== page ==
In 2008 Jeff Wolf was appointed CEO of Heat Biologics, Inc. (NASDAQ:HTBX). This analysis aims first to contrast CEO compensation with other companies that have similar market capitalization. Then we’ll look at a snap shot of the business growth. And finally we will reflect on how common stockholders have fared in the last few years, as a secondary measure of performance. This method should give us information to assess how appropriately the company pays the CEO.
According to our data, Heat Biologics, Inc. has a market capitalization of US$25m, and pays its CEO total annual compensation worth US$1.2m. (This figure is for the year to December 2018). That’s a notable increase of 21% on last year. We think total compensation is more important but we note that the CEO salary is lower, at US$417k. We took a group of companies with market capitalizations below US$200m, and calculated the median CEO total compensation to be US$452k.
As you can see, Jeff Wolf is paid more than the median CEO pay at companies of a similar size, in the same market. However, this does not necessarily mean Heat Biologics, Inc. is paying too much. We can better assess whether the pay is overly generous by looking into the underlying business performance.
You can see a visual representation of the CEO compensation at Heat Biologics, below.
Is Heat Biologics, Inc. Growing?
Heat Biologics, Inc. has increased its earnings per share (EPS) by an average of 98% a year, over the last three years (using a line of best fit). It achieved revenue growth of 155% over the last year.
Overall this is a positive result for shareholders, showing that the company has improved in recent years. The combination of strong revenue growth with medium-term earnings per share improvement certainly points to the kind of growth I like to see. Shareholders might be interested in this free visualization of analyst forecasts.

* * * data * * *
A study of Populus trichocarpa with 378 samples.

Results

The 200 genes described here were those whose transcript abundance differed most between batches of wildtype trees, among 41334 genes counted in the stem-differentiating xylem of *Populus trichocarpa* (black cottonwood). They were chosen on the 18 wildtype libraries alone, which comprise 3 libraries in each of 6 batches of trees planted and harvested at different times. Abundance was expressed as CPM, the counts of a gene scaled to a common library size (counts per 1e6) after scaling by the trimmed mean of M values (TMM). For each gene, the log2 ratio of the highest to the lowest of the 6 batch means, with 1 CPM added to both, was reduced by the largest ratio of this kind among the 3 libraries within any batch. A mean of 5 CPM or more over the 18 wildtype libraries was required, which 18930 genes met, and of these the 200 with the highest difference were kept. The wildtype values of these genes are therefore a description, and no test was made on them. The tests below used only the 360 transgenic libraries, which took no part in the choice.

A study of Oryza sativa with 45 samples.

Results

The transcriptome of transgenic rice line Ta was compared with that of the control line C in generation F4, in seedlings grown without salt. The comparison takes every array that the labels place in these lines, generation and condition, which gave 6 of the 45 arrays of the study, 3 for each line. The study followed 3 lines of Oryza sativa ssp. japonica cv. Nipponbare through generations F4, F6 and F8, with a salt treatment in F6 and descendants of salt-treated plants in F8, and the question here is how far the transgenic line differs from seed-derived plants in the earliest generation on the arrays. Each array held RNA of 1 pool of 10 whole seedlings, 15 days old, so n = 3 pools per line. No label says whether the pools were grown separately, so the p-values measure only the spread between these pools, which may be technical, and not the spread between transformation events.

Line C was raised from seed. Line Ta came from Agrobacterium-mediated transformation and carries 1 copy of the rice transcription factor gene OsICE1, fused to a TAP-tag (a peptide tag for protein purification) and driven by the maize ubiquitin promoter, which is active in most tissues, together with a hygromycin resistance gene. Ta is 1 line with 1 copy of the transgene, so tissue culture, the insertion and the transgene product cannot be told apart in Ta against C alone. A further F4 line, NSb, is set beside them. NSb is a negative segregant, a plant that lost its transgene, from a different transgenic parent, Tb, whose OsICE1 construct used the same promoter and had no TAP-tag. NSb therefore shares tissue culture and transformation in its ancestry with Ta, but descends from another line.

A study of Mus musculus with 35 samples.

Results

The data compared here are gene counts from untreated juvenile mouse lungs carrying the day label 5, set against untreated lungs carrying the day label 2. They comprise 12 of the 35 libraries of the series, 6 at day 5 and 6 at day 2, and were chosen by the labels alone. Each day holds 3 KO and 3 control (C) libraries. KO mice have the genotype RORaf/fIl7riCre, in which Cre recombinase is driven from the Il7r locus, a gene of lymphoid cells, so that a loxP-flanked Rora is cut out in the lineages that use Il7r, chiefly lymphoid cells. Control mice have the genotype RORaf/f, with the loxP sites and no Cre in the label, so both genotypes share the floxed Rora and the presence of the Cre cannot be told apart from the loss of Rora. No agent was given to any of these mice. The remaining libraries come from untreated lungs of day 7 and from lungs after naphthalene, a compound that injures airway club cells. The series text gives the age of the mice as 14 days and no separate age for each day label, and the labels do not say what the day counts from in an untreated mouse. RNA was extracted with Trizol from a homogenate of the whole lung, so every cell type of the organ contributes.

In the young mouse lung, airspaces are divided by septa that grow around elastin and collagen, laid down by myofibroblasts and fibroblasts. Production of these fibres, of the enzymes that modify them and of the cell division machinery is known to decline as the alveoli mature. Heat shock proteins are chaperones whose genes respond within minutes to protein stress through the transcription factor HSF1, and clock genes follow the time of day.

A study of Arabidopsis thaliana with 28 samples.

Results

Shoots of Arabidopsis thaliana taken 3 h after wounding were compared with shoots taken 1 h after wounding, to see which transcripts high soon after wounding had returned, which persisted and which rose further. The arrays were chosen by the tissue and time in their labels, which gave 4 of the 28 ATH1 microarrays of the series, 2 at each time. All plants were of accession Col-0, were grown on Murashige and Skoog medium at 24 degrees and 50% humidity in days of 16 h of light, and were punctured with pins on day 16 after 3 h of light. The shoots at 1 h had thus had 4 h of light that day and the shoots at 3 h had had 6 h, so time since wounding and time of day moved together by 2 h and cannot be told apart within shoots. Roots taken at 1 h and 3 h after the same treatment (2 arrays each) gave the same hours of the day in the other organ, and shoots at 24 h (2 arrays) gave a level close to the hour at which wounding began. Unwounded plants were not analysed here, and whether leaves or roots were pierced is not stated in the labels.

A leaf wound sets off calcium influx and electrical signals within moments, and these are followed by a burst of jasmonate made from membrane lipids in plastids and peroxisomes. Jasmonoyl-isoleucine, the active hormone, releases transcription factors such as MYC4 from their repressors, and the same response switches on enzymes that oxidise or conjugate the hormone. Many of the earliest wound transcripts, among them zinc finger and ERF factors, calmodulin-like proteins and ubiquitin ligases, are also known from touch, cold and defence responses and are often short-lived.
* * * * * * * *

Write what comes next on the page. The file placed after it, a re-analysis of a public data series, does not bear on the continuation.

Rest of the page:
Has Heat Biologics, Inc. Been A Good Investment?
With a three year total loss of 89%, Heat Biologics, Inc. would certainly have some dissatisfied shareholders. This suggests it would be unwise for the company to pay the CEO too generously.
We compared total CEO remuneration at Heat Biologics, Inc. with the amount paid at companies with a similar market capitalization. Our data suggests that it pays above the median CEO pay within that group.
However, the earnings per share growth over three years is certainly impressive. Having said that, shareholders may be disappointed with the weak returns over the last three years. This doesn’t look great when you consider CEO remuneration is up on last year. One might thus conclude that it would be better if the company waited until growth is reflected in the share price, before increasing CEO compensation. Whatever your view on compensation, you might want to check if insiders are buying or selling Heat Biologics shares (free trial).
Important note: Heat Biologics may not be the best stock to buy. You might find something better in this list of interesting companies with high ROE and low debt.